William T. Wragg
Class of 1830
William T. Wragg was born near Georgetown, SC, in 1807 and came to Charleston around 1819. He graduated from the South Carolina College in 1827 and then entered the practice of Dr. I. M. Campbell as a student and attended the Medical College of South Carolina for three years, graduating in 1830.
At this time Dr. John Edwards Holbrook (1794-1871) traveled to Paris and took along three young graduates to pursue their studies. These were Drs. James Postell Jervey (1808-1875), Thomas Lewis Ogier (1810-1900), and Wragg, who made the rounds of the hospital assiduously. His studies were interrupted briefly during the Revolution of July 1830, the “Three Glorious Days.” The casualties of this outbreak brought to him much valuable surgical experience.
Returning home, Wragg began a successful practice. He was one of the first to use the clinical thermometer in Charleston. He was active in the affairs of the Medical Society, of which he was at one time president (1849), and he taught surgery in the Southern School of Practical Medicine. His major contribution to the affairs of the Medical Society was in his successful handling of the Roper Hospital fund, which he managed to triple over the years, despite the financial difficulties of the Civil War.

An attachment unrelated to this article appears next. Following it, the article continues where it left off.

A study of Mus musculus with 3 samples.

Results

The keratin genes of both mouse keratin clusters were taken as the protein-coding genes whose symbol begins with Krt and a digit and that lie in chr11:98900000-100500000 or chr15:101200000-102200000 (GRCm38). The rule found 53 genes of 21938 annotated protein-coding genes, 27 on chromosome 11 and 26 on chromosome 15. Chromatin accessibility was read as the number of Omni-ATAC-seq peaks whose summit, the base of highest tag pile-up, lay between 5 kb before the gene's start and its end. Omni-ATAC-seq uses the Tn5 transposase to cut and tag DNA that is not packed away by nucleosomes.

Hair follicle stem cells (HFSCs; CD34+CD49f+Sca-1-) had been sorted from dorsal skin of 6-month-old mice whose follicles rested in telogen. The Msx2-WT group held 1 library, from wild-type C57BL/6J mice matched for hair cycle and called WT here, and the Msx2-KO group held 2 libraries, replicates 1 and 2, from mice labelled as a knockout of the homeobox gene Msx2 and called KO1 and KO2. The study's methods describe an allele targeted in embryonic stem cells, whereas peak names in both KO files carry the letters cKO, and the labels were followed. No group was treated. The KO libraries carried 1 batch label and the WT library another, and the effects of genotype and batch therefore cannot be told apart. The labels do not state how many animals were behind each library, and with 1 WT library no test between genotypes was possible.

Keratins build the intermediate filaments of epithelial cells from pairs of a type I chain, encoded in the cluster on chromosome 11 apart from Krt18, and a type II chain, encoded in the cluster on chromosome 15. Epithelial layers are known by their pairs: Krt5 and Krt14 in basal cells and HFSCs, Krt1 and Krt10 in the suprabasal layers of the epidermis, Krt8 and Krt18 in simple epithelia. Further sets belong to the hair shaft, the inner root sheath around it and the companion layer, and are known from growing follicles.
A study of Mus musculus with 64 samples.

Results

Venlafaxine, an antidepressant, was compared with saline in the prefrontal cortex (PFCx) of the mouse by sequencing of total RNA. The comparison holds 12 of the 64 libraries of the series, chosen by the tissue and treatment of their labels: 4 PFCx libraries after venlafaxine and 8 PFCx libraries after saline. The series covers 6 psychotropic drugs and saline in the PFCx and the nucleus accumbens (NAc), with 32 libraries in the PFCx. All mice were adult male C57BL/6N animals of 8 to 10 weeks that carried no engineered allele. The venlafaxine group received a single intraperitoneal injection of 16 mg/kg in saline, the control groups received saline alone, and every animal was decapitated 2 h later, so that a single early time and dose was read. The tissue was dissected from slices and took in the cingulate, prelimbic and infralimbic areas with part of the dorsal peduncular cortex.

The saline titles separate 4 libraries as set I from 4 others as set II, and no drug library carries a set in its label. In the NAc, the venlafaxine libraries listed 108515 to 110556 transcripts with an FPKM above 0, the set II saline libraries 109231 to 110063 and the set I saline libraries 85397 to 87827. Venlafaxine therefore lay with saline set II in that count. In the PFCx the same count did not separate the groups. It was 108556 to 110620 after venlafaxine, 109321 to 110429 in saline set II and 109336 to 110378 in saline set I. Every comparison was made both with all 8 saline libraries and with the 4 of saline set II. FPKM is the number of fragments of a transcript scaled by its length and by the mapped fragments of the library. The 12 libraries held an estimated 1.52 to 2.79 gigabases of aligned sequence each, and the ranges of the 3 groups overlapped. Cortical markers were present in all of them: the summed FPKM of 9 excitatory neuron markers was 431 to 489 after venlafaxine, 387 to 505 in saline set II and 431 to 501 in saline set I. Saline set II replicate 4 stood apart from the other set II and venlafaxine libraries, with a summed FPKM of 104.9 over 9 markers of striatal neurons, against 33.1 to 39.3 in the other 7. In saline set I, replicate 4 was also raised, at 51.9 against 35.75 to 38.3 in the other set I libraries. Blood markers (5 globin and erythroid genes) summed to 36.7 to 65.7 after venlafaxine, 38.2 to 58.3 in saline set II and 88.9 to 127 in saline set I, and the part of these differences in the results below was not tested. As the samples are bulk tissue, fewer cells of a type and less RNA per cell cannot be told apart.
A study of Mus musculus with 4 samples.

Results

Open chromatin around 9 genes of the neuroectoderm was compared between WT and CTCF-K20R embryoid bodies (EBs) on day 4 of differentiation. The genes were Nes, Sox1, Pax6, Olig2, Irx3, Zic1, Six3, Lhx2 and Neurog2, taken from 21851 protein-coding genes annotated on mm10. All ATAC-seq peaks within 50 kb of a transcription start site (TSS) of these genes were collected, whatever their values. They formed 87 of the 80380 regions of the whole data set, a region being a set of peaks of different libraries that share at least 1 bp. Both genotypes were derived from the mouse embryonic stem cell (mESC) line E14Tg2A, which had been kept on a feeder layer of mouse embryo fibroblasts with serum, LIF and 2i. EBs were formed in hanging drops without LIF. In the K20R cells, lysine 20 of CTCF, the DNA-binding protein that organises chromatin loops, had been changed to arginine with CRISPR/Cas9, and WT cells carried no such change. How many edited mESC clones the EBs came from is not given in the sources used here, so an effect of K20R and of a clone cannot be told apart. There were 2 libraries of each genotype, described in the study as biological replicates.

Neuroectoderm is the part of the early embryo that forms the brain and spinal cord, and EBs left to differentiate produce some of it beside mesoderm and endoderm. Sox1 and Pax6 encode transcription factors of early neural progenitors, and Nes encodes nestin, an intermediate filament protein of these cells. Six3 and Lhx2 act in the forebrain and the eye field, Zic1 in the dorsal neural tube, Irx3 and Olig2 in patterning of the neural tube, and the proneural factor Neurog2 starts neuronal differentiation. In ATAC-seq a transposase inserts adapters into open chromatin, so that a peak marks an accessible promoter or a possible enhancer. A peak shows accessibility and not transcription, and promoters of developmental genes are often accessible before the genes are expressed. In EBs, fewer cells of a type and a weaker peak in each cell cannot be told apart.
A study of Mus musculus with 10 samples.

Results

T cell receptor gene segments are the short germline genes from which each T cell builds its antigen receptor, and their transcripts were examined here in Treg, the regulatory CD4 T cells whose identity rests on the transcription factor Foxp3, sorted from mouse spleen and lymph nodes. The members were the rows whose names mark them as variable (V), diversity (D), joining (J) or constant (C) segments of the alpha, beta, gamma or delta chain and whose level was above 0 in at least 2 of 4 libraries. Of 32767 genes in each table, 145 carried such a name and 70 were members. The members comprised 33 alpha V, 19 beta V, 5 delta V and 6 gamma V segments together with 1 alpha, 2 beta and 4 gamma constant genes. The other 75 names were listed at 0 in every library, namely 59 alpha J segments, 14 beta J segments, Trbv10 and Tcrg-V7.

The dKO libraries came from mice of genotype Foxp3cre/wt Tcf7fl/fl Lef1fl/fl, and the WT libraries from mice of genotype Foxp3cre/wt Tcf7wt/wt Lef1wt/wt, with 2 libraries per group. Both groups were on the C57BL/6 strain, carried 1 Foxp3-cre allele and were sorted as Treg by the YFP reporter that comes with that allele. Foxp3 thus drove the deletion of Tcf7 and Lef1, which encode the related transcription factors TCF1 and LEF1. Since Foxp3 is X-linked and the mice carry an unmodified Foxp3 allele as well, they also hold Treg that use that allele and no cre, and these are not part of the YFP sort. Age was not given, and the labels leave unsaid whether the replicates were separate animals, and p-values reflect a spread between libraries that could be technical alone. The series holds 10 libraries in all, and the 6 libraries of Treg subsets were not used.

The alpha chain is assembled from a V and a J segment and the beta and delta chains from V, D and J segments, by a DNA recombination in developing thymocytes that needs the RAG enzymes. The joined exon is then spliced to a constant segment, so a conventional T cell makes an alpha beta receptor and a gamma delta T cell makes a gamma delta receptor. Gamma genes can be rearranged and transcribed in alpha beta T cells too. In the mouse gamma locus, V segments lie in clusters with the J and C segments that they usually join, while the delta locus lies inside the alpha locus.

Being much interested in the sanitation of the city, he contributed a number of articles to the medical literature. He wrote for the Medical Society a memoir of Dr. James Moultrie.
Wragg was a delegate to the National Medical Convention in 1848 and vice president of the American Medical Association in 1854. He died in 1885.
A History of Medicine in South Carolina 1825-1900. Joseph Ioor Waring, 1967.